Disc Golf Basics

There are several ways to enjoy the outdoors. Some people are more inclined to excel at one activity, while others take it upon themselves to learn a variety of activities. I fall within the latter category, and try to participate in as much as I can when it comes to outdoor interests. Disc golf is a sport that I’ve been playing for over ten years for a lot of reasons. It gets me outside, is great exercise, and it’s so much fun. There are many who’ve never heard of the sport, though, so today I’ve provided you all with a breakdown of the basics of disc golf.

Disc golf is quite similar to regular golf in many ways. There’s a tee, a fairway, and a hole (basket), but instead of clubs, you throw specialized golf discs that vary in shape and weight, depending on their function. Each hole has a par and the object is to sink the disc in the basket at or below par. Pretty straightforward, right?

Just like a set of golf clubs, discs come in many forms: putter, approach, mid-range, fairway, and distance drivers. Each one is ideal for a particular situation or distance and whichever one you throw in a given spot will depend on your own personal style, as well as wind and course design. I’ve seen people do just fine with only a driver and I’ve also seen people with huge bags filled with over a dozen discs for any given situation. Really, developing a technique and familiarity with each disc in your possession is the key. If you can do that through time and practices, you’re golden.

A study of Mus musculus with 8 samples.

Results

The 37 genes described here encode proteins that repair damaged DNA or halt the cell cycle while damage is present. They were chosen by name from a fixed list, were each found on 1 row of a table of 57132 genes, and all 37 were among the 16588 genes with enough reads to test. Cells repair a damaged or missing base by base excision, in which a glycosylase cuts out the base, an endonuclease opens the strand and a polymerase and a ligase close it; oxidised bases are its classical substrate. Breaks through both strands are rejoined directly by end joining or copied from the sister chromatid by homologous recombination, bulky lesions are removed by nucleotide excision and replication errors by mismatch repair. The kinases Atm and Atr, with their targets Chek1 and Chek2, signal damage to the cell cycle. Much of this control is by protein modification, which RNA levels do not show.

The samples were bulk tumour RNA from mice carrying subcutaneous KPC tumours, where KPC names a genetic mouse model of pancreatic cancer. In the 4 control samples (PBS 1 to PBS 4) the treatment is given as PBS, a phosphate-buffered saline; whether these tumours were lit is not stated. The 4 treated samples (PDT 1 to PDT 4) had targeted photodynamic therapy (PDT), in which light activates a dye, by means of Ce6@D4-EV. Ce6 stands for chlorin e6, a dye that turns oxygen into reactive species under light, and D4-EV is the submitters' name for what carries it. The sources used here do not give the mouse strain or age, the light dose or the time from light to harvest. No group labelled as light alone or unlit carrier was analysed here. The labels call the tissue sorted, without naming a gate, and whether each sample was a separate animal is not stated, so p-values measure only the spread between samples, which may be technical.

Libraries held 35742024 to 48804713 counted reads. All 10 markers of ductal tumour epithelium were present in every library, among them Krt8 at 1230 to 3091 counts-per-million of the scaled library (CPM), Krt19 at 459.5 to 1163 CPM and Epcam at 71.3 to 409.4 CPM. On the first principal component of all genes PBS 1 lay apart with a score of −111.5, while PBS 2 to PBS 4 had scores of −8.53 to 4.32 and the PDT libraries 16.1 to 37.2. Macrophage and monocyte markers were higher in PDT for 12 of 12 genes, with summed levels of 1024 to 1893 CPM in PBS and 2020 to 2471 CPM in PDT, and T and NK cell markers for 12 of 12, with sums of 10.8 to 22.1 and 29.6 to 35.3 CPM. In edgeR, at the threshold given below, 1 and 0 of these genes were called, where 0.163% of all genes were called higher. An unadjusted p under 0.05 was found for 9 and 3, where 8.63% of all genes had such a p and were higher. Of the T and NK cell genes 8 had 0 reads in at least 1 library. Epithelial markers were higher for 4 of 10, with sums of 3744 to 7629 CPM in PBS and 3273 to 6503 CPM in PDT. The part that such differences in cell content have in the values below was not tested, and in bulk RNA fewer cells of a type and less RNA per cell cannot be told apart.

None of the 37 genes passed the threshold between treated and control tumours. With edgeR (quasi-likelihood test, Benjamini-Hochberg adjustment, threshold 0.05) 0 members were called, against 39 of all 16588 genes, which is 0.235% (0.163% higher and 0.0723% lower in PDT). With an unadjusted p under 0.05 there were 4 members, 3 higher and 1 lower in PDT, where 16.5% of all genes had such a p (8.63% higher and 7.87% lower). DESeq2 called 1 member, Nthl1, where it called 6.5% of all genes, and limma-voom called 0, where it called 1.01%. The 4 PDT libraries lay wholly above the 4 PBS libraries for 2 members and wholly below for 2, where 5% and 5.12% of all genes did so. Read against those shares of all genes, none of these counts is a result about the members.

When it comes to throwing, there are several different styles utilized today, especially when driving off the tee. I personally implement a backhand throw, but there’s also a forehand style, an overhand style (known as the “Tomahawk”), and the roll, to name a few. If you’ve never thrown a disc before, I suggest practicing with a few different techniques in a field to find your throw.

Several companies offer quality products for disc golf. Discraft, Innova, and Millenium are brand I’ve owned and thrown throughout my years playing. Also, the plastic used to make the discs can vary in quality. For example, the translucent, candy-colored plastic used in Discraft’s Elite Z and Innova’s Champion series is one of the highest qualities found on the market and anyone who’s thrown one will attest to that. Such discs are more expensive than the standard $10-$15 price range, though, and can cost around $25 for a single disc. Other than discs, you can purchase portable baskets on which to practice in your own yard or a nearby park. Also, if you become interested in the sport, I highly suggest picking up a disc bag to carry your inevitably growing disc collection. Bags are available in several styles and sizes, and most are equipped with adjustable shoulder straps, compartments and bottle holders.

Disc golf is one of those sports that not many are aware of, but once they discover it, they’re hooked. There are courses everywhere in the United States and discs can be purchased at nearly any sporting goods retailer. In fact, most stores carry three-disc starter sets that include a putter, mid-range, and driver. If you’ve ever been curious about disc golf and are thinking of checking it out, I promise you won’t be disappointed. I will warn you, though; be prepared to spend some money once you try it out because I know you’ll want to keep playing!